Joshua set up at Gilgal the twelve stones they had taken out of the Jordan. 21 He said to the Israelites, “In the future when your descendants ask their parents, ‘What do these stones mean?’ 22 tell them, ‘Israel crossed the Jordan on dry ground.’ 23 For the Lord your God dried up the Jordan before you until you had crossed over. The Lord your God did to the Jordan what he had done to the Red Sea when he dried it up before us until we had crossed over. 24 He did this so that all the peoples of the earth might know that the hand of the Lord is powerful and so that you might always fear the Lord your God.” (Joshua 4)
Much of Scripture is about remembering. And much of worship, in both Jewish and Christian contexts, is also about remembering.
Passover is about remembering the miraculous hand of God in freeing Jewish slaves from Egyptian oppression. The Jewish Feast of Pentecost is about remembering God’s faithfulness in bringing the harvest year after year. The Feasts of Purim and Succoth look back upon events in the history of the Jewish people and how God intervened for their protection in the times of Esther and during the wilderness wanderings. Even the celebration of the Sabbath is remembrance of God’s creation and His rest on the seventh day.
Christians gather for worship on the first day of the week in remembrance of Christ’s resurrection. And the ritual of Eucharist is a celebration of remembrance of Jesus’ Last Supper with His disciples.
So let us consider Joshua 4 (I would encourage you to read the whole short chapter.) and the above text and do so immersed in the notion of remembering–remembering what God has done. One of the ways that the Hebrew people enabled this remembering was by building altars:
- Abraham, at Shechem and at Bethel
- Jacob at Bethel
- Samuel at Mizpeh
- all told, 356 times in the O.T.
“What do these stones mean?” What is interesting here in Joshua is that these stones–although not called an altar–were to represent. First of all they were to remember the word of the Lord. “What the Lord said” is used often in this chapter for what the Lord says is important and we should pay attention to it.
We are in the midst of a political campaign for the presidency. We all know the power of words and the effects that they can have to wound or heal, instruct or disinform. These days words are being printed and spoken in such volume and in such a way that people are beginning to wonder if words have any value at all. Not so God, when, Jehovah speaks, it is never just words. For it is by the power of God’s word that life and creation comes forth. And remember, Jesus Himself is called “the Word” by John in his gospel.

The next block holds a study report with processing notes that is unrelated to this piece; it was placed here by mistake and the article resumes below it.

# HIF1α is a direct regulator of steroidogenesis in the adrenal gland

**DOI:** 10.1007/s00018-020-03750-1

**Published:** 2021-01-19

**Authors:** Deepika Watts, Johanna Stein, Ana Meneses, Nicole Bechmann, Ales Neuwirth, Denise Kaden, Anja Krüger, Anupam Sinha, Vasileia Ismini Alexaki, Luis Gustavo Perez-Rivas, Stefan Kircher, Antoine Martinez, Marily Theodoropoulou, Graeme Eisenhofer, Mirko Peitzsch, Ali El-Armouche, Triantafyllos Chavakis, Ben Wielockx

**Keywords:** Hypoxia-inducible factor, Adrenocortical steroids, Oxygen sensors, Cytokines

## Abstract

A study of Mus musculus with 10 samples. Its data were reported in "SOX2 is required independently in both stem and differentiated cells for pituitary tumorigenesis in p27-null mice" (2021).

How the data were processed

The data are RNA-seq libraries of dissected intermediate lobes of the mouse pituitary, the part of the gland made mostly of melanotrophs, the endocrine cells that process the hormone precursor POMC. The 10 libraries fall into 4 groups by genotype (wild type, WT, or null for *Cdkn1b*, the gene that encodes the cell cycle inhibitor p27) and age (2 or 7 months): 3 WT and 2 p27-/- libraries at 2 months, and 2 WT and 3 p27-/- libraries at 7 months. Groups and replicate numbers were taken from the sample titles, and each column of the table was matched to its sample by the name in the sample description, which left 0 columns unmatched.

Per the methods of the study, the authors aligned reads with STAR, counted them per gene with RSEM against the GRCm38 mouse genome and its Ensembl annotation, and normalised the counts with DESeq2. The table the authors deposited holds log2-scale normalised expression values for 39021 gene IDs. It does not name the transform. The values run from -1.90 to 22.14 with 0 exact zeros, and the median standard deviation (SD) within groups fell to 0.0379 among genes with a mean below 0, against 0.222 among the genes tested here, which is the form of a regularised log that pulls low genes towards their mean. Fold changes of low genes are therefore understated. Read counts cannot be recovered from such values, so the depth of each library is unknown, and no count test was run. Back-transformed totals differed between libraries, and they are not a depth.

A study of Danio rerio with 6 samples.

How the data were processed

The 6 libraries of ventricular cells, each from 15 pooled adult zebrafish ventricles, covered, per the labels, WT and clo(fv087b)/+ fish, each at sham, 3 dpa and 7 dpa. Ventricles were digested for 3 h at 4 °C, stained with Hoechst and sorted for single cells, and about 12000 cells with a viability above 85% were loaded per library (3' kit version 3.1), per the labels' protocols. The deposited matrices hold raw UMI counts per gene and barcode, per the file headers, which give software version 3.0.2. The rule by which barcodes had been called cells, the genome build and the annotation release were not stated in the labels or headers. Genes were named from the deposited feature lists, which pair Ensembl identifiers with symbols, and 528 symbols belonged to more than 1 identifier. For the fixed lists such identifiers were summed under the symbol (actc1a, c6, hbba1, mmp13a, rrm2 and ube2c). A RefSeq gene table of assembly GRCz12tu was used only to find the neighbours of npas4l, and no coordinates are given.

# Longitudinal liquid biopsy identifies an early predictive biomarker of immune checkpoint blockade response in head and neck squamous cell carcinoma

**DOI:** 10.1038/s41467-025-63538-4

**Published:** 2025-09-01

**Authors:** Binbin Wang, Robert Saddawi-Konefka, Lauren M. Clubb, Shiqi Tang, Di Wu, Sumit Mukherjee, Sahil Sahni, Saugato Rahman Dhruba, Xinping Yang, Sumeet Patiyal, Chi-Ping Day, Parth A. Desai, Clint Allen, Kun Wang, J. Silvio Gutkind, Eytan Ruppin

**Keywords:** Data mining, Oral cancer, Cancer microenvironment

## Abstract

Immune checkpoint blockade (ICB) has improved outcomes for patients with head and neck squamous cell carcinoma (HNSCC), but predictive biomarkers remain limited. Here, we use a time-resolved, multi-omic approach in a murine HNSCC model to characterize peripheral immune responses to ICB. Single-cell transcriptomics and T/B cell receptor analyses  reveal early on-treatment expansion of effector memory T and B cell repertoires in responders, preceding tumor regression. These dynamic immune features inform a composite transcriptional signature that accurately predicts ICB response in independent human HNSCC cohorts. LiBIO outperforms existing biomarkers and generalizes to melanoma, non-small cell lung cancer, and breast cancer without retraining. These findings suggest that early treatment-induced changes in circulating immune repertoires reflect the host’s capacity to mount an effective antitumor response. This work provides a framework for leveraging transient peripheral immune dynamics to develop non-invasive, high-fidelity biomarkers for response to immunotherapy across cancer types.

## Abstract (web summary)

So be reminded of the importance of the Word of God and recall what it is that God has instructed us to do in “His Word.”
“What do these stones mean?” They mean to remember the word of God and remember the results of obedience.
Obedience always merits the blessings of God. Obedience allows us to navigate the turbulent waters of difficult circumstances and “cross over on dry ground.” Obedience allows us to possess the Promised Land: ‘possessing the Promised Land’ is an Old Testament “type” of holiness, experiencing spiritual milk and honey even though surrounded by the forces of evil. And obedience to God prepares us to wage battle against the forces of darkness in this world.
Remember, “to obey is better than sacrifice, and to heed is better than the fat of rams.” (1 Samuel 15:22) God delights in the faithful obedience of His children.
“What do these words mean?” They mean to remember the faithfulness of God.
The salvation of the people of Israel–and indeed our salvation–owes entirely to the mercy of God in providing for our escape from bondage. Israel crossed the Jordan and the Red sea on dry ground because “the Lord your God” did something miraculous for your salvation.
How could we not recall, during these days of Lent, the extent of the miraculous endurance of Christ for our salvation!
Remember that we could no more secure our own salvation from sin than Israel could have crossed the Jordan without God’s intervention.
Remember that God, who is faithful in our salvation, is as faithful in caring for us as He was faithful in providing for Israel.
Once, on a day, was Christ led forth to die,
And with the crowd that pressed on him joined I.
Slowly they led him, led him to the tree,
And I beheld his hands no more were free.
Bound fast with cords, and this was his distress,
That men denied those hands outstretched to bless.
Sacred hands of Jesus, they were bound for me;
Wounded hands of Jesus, stretched upon a tree,
Ever interceding, mercy is their plea.
Their effectual pleading brings grace to me,
Redeeming grace to me.
(Song 129, Salvation Army Song Book)
“What do these stones mean?” They mean to remember–remember the Word of the Lord; remember the results of obedience; and remember the faithfulness of our Heavenly Father.